It began on Day 1 of pre-season when he stepped into the halfback duties on the training paddock.

Then there was a starring performance in the World Club Challenge, followed by a tough but invaluable start to the season.

Croft then moved back to reserve grade where he continued to exhibit a professionalism with Easts Tigers in the Queensland Cup.

Now he has been recalled into the NRL side over the last fortnight, scoring a try in both games while putting up 304 kicking metres against Manly, the same day in which he celebrated his 21st birthday.

It has been a rollercoaster experience for the young halfback but one in which his coach hopes will hold him in good stead for the future.

"He played strongly in both games," Bellamy said.

"Having said that he had an opportunity at the start of the year and he probably didn't grasp that with both hands. It is certainly not an easy job taking over from a guy like Cooper Cronk. There is an expectation from us but there is also an expectation from those outside the Club as well.

"We understand how hard and how demanding that was on him early in the season but I think he has handled the last two weeks really well. It is a credit he has handled it."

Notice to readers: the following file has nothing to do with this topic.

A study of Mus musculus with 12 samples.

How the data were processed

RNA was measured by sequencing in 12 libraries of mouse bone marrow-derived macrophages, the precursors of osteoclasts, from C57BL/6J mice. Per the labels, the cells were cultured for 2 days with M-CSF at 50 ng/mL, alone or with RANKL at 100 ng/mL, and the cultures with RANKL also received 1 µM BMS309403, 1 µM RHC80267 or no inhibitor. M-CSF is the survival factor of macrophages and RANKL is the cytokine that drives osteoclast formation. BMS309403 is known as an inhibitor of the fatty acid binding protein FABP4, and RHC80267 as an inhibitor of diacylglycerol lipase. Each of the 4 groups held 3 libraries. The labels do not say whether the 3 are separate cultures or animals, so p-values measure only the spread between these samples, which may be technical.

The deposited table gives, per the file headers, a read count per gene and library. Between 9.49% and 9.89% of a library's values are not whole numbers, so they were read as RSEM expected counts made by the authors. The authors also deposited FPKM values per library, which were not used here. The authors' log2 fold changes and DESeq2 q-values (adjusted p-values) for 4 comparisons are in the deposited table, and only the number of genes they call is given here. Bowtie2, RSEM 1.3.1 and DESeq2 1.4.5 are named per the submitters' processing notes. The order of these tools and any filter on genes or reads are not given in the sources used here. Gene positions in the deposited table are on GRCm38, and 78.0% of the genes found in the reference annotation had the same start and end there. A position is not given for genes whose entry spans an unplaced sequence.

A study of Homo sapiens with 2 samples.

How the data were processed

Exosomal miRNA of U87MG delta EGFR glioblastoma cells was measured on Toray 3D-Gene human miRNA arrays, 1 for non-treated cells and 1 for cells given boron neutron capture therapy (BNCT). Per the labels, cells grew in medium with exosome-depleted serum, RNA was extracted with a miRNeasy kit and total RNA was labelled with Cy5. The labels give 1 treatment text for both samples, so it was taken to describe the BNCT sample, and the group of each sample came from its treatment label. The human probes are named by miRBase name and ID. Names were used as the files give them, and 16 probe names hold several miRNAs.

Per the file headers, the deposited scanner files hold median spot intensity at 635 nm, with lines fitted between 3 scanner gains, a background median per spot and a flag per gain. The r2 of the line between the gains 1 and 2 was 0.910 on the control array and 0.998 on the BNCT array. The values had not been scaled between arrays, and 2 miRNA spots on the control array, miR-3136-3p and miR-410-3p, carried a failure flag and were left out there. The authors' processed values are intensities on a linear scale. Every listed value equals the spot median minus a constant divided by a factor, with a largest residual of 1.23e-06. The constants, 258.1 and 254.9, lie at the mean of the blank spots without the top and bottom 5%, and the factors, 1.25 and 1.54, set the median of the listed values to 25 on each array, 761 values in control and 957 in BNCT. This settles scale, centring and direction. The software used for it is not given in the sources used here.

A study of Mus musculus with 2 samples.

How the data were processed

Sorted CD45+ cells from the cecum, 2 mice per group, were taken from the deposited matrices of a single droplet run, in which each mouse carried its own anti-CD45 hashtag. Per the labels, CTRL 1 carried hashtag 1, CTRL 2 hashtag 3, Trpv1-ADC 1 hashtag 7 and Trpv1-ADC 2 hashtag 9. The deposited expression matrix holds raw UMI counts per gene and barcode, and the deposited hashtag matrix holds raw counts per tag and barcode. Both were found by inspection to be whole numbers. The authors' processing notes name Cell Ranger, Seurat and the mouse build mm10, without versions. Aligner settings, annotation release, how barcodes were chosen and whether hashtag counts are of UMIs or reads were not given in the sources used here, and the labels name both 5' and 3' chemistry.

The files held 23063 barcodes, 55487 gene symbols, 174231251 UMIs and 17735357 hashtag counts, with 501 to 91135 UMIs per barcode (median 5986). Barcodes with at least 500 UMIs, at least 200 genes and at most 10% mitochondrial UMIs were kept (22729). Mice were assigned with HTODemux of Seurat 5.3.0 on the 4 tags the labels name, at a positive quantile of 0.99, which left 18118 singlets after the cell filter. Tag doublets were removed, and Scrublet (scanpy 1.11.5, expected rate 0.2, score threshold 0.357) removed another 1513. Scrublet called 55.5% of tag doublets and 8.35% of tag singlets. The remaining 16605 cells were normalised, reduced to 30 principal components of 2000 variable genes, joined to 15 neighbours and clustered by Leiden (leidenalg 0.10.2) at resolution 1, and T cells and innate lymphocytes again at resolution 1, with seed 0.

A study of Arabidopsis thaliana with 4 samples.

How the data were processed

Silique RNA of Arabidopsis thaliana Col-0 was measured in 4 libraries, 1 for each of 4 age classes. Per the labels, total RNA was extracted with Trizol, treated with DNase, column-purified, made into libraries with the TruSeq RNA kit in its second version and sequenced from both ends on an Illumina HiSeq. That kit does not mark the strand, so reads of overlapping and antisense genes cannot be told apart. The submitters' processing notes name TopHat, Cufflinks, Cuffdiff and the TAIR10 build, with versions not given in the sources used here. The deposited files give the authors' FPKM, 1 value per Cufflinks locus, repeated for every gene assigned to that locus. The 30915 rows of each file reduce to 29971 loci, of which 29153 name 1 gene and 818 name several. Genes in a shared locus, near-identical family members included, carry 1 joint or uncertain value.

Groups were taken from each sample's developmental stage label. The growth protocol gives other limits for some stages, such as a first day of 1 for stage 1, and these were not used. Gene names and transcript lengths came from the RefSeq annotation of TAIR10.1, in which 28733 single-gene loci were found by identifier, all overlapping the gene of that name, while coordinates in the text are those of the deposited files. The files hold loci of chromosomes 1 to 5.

Rd 19 Coaches Media

Consistency is key.

That has always been the Bellamy way and by extension the Melbourne Storm way for nearly two decades.

It is a facet of every players game that they must improve in the infancy of their careers and Croft is no different.

"He just seems to be in more consistent form than he was early in the year," Bellamy said.

"It wasn't easy at the time to leave him out of the team but it was the right thing at that stage.

"That was probably something he learnt from. It was not an easy situation for him... I think it was a learning experience for everybody but I think Brodie came out of that well and I think his last two games he has played very well for us."

Acknowledgement of Country

Melbourne Storm respect and honour the Traditional Custodians of the land and pay our respects to their Elders past, present and future. We acknowledge the stories, traditions and living cultures of Aboriginal and Torres Strait Islander peoples on the lands we meet, gather and play on.